Tipperary councillor slams Good Friday alcohol ban being lifted

Pubs across Ireland to sell alcohol on Good Friday, March 30, for the first time in 90 years.


Tipperary councillor Richie Molloy feels publicans would have been happy to close on Good Friday.

Tipperary independent councillor Richie Molloy says he is disappointment with the abolishing of the ban on pubs opening on Good Friday. 

Cllr. Molloy expresses the view that the passing of legislation in the Dáil to allow the sale of alcohol on Good Friday is "the end of another bit of Irish culture” and believes “it’s typical of Government to abolish this law so easily and yet has dragged its heels with allowing the sale of alcohol so freely in the various supermarkets around the country”.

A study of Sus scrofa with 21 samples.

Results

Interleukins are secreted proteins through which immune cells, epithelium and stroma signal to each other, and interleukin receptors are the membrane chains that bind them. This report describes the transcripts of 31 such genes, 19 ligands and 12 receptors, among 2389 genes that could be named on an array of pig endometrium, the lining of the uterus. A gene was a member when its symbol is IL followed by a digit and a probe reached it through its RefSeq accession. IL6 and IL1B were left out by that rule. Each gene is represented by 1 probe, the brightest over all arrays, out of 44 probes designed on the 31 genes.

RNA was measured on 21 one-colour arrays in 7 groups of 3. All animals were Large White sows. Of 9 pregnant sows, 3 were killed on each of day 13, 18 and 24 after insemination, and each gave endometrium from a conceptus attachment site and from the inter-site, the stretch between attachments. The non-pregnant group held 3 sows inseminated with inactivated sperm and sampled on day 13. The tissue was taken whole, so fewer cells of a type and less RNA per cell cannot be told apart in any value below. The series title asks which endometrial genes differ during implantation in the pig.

He continues: “The sale of cheap alcohol in supermarkets has led to huge problems in Ireland and this is the area that should have been tackled”.

 Cllr. Molloy feels publicans would have been happy to close on Good Friday.

“It would allow pub owners to renovate premises and gives staff time off on fixed days of the year”.

In his criticism of the Intoxicating Liquor (Amendment) Bill 2017 being signed into law, Cllr. Molloy suggests that Government could have taken the opportunity to ensure Good Friday was a national awareness day with a focus on a healthy relationship with alcohol. “Government could have used Good Friday as educational awareness on drinking and its effect on growth and personal development”.

Cllr. Molloy adds: “I cannot see any merit in the Government's arguments that it will increase tourism as Ireland and Tipperary have plenty to offer as an alternative if the pub happens to be closed on Good Friday.”